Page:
Several months ago we bought these little Brother compact laser printers to put in people’s cubicles to replace their aging HP 4000’s and whatever other antiquated printers they had. I’ve always had good luck with Brother equipment and in fact own a 2070N which I have put to good use over the years. They’re reliable, fairly fast, and super easy to work with.
Well for the past day or two we’ve had a couple that showed some serious drawbacks to buying one. See we get refurbished cartridges from a third-party vendor, and as much as I love saving money I’m totally against buying refurbished printer cartridges. Sure, I know they are ripping people off. Sure I know it’s just for the money. But see, if they sell you a good printer for $60, they have to make their money some how, and one of those ways is to use proprietary printer cartridges. Some people will really disagree here, but it’s really not that big a thing to ask that you buy the supplies from the manufacturer if they are willing to sell you a discount printer. For business critical printing tasks, I think this is the best policy. Buy new, send the old cartridges back to the manufacturer and save them the cost of fabricating new ones each time.
So these printers have a clever little toner sensor in their cartridges that are apparently super easy to break when refurbishing them incorrectly (read: by third-party toner refilling companies). I think this is on purpose to convince you to buy new cartridges. What happens with these busted sensors is that the printer thinks the cartridge is empty and refuses to print. Put a brand new cartridge in, and it works like magic. Now sometimes new cartridges break in shipment or just malfunction so Brother kindly put a toner bypass function in just for this occasion.

Toner Sensor Bypass For Brother HL-2240 Printers (and probably a lot of other models too).

Step 1 – Make sure the printer is on and the cartridge is in properly.

Step 2 – Press the “Go” Button seven times.

The printer will go through a startup routine and you’ll see the ready light come in. The toner light will probably still stay on, just ignore it. The printer should now print until it totally runs out of toner.
Note: Over the years it seems Brother has tweaked the bypass method on these printers. I have no idea what the differences are or how to tell if it will work or not. Most of the feedback I get indicates it works perfectly for almost all of them. Here are some variations you can try if this doesn’t immediately work:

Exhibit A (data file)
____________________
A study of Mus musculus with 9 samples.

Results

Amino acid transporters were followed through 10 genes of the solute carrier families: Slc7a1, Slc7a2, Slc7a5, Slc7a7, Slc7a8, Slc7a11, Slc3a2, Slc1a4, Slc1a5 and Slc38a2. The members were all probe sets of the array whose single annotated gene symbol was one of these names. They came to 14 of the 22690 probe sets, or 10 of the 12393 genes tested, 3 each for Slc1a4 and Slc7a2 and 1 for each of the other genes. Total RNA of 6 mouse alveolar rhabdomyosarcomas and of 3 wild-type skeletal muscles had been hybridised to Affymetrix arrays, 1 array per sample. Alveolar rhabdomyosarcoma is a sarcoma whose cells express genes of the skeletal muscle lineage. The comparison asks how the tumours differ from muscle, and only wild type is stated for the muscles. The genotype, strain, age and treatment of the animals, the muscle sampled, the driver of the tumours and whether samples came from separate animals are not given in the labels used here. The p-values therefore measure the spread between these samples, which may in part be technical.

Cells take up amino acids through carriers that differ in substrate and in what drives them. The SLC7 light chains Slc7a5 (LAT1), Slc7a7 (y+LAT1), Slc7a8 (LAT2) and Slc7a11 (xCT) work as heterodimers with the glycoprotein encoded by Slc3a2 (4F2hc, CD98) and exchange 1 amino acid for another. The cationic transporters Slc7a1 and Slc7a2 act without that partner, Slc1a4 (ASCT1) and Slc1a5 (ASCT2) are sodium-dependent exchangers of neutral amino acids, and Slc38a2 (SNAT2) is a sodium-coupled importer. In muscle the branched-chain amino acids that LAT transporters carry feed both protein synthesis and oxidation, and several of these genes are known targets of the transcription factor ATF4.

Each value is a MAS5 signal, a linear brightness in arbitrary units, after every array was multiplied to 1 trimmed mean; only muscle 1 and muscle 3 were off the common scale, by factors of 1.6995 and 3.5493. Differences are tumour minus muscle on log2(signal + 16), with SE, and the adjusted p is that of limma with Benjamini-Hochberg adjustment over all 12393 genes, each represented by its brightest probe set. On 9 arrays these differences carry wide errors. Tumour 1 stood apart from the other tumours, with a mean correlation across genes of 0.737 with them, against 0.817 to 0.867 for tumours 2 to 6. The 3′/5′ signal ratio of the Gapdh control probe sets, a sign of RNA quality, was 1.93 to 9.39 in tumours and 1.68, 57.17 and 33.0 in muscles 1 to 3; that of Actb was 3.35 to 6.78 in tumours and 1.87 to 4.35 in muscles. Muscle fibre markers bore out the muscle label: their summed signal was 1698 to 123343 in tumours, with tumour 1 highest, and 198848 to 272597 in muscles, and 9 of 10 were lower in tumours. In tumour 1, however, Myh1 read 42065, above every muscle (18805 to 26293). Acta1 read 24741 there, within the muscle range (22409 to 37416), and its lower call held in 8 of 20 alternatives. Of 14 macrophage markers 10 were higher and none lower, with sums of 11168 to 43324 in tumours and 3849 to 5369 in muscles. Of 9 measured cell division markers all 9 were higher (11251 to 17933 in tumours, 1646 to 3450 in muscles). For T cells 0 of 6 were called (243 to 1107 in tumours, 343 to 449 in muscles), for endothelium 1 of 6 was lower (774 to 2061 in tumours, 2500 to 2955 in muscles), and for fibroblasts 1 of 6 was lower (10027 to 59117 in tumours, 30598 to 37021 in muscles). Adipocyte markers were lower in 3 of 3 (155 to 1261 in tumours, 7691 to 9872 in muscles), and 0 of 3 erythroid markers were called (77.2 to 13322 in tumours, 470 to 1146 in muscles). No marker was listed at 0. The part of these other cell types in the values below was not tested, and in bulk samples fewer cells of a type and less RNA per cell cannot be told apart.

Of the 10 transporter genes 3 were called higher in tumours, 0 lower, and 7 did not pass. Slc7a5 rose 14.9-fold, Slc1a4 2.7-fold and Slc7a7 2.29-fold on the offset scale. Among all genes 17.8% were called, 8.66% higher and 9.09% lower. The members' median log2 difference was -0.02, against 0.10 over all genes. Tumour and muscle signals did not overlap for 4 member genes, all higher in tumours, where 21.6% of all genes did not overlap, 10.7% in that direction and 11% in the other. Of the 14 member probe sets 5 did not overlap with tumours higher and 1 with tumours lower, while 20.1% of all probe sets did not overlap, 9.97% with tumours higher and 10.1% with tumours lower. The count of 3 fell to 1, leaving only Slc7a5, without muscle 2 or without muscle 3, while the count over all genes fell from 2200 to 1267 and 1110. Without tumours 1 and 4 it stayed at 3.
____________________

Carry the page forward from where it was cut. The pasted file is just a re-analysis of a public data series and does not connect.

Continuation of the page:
Variation 1: Turn the printer off, and then back on then hit the Go button seven times after it comes back up fully (don’t try to print anything yet). This seems to be what works the best.
Variation 2: Turn the printer off, hit the Go button seven times while it is turning on.
Variation 3: Try hitting the Go button ten times instead of seven. There’s a WL model that requires this. There may be a regular networked model that has this method to.
Variation 4: Not so much a variation. Hit the button slower and more deliberately. As fast as the “Ah Ah Ah Ah” part in “Staying Alive” is probably about right.


    1. It’s possible. There is a “WL” version of this printer which is a newer version of the networked 2240 just with a wi-fi card installed. It has a slightly different bypass method. You hit the button ten times instead of seven apparently. It kind of makes me wonder if it so happens that Brother still produces these printers that they’ve changed this slightly, but I kind of doubt it. There’s also a Brother MFP that requires a whole song and dance routine that includes facing north if it’s a Thursday when you do it.

  1. The first time I tried it, I hit the button seven times really quickly and it didn’t work. I tried again pressing the button seven times SLOWLY and it worked. Thanks for the helpful printer hack! 🙂

    1. I’ve noticed from the comments and feedback I’ve gotten since I posted this article that some have to do the bypass slowly and others have to really punch the button fast. The ones I have experience with mostly need it to be done really quickly. There is one that was bought about a year later that needs it done slowly, and I have no idea which one it is until it doesn’t work. There’s also a version with a wireless card installed where you have to hit the button ten times.
      I have thought about updating the article but since I have no idea if this is a hardware version difference, some kind of firmware update that’s happened, or possibly the actual cartridges or drums themselves I just hope everyone reads the comments.